The recent fiscal-cliff showdown has left Republicans smarting, putting much of their legislative gamesmanship over the spending and taxes standoff at odds with the public's desire for compromise. A newly-released Pew poll suggests that the messy negotiations benefited the White House: Just 19 percent gave GOP leaders good marks on their handling of the negotiations, while 48 percent did the same for President Obama. No one particularly cared for the final deal, with only 38 percent approving and 41 percent disapproving.
And while House Speaker John Boehner and Senate Minority Leader Mitch McConnell live to fight another day, utilizing their next best piece of legislative leverage — the debt ceiling — may also come with a political price tag.
Former House Speaker Newt Gingrich called using the debt ceiling as leverage a "dead loser," and said that House Republicans need to find "a totally new strategy."
But Republican strategists believe that even another déjà vu showdown over sequestration and the debt ceiling won’t carry the same costs, with party leaders confident that in this next round, the public is more likely to be on their side than they were during the fiscal-cliff negotiations. They argue that Democrats got their tax hikes on the wealthy — something Obama campaigned on, and something Republicans eventually caved on — while no spending cuts were enacted.
“A debate driven by tax rates for the wealthy was a much easier debate for [Obama] than a debate about debt limits and deficits and spending,” says Kevin Madden, a GOP strategist and former Mitt Romney campaign adviser.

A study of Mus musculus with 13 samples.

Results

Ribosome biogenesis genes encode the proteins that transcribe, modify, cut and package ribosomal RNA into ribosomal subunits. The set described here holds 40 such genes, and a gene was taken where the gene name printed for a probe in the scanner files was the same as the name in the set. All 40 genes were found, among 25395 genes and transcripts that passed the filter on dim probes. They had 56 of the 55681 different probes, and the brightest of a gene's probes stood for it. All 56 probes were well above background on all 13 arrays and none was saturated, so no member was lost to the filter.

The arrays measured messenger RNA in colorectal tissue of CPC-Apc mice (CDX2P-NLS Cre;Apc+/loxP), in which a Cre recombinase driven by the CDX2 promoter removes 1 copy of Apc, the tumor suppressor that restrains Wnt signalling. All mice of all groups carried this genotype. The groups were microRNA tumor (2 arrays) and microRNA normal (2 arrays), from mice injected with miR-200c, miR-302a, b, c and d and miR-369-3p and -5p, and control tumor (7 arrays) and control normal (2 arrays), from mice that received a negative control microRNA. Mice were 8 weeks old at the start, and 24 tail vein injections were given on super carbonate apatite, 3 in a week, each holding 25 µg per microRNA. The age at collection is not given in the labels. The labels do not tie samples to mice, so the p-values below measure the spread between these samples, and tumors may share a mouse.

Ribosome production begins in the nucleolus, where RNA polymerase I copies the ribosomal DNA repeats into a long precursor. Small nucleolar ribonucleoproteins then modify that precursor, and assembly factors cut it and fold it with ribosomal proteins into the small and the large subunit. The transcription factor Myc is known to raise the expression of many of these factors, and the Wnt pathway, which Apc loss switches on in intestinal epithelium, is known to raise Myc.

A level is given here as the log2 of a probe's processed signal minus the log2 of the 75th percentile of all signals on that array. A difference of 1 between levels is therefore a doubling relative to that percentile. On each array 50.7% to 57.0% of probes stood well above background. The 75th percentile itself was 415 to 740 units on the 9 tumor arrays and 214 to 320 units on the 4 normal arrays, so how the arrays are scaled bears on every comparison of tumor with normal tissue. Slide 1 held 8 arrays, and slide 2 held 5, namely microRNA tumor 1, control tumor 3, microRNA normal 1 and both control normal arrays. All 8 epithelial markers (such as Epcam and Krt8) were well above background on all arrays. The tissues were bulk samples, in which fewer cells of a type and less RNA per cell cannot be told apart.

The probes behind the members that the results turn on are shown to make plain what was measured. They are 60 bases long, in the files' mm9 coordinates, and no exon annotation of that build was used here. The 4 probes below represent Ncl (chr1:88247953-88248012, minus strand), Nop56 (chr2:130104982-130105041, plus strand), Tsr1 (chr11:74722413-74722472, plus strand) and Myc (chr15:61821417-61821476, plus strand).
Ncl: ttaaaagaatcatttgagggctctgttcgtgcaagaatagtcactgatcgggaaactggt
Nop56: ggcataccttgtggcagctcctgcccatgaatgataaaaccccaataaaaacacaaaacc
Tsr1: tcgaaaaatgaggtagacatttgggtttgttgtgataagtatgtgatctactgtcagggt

House Republican leadership has cited to its caucus a December poll commissioned by the GOP firm the Winston Group showing the public is largely against raising the debt ceiling, with 60 percent opposed and just 30 percent in favor.
“The Republicans don’t have to change their stripes to succeed. They need to leverage public opinion about spending and the deficits,” says veteran Republican strategist and former Boehner aide Terry Holt. “The American people are there — they expect cuts. They anticipate some level of austerity-reform.”
The ways things play out in Washington will also have just as much to do with the political implications faced by individual lawmakers as opposed to those faced by the party as a whole.
“At the end of the day, the only poll that matters is the one in people’s districts. I’m focused on the people in my district," Rep. Tim Griffin, R-Ark., said. "National polls include people in Nancy Pelosi’s district, Henry Waxman’s district.... I don’t work for them, and I’m not real worried about the national polls.”
For lawmakers such as Griffin, a debt-ceiling debate is one in a series of opportunities to push a broad conversation about the national debt and deficit reduction. "If we communicate effectively, I think we will be able to demonstrate to the American people that the president’s talk about a balanced approach was nonsense," Griffin said.
Moving forward, a number of Republicans have signaled a strong stance on the debt ceiling. Sen. Ted Cruz of Texas has said that when it comes to the upcoming debt-ceiling fight, "I don’t think what Washington needs is more compromise, I think what Washington needs is more common sense and more principle." Sen. Pat Toomey of Pennsylvania has said that his party needs "to be willing to tolerate a temporary, partial government shutdown."
“The reason why conservative Republicans have been pretty firm in their resolve is they’ve seen the evolution of the issue,” Holt says. In the 1990s, for instance, not many Americans cared about debt as a broad topic, Holt says. Now, the nation’s debt is much higher, and it was a top campaign issue.
Even so, it appears that Republican leadership is providing some wiggle room on the debt ceiling and trying to incorporate the issue into a broader conversation about debt reduction, spending cuts, and reform — which may play better politically. Boehner said in recent Wall Street Journal interview that the debt ceiling is “one point of leverage” but it’s “not the ultimate leverage.”
“As a party, we have to defend our core fiscal-conservative principles and I think the party as a whole recognizes that no one event is going to result in the reformation for the Republican Party, but it’s part of a process,” Madden says. “But we’ll keep aligning ourselves as the stewards of good fiscal policy.”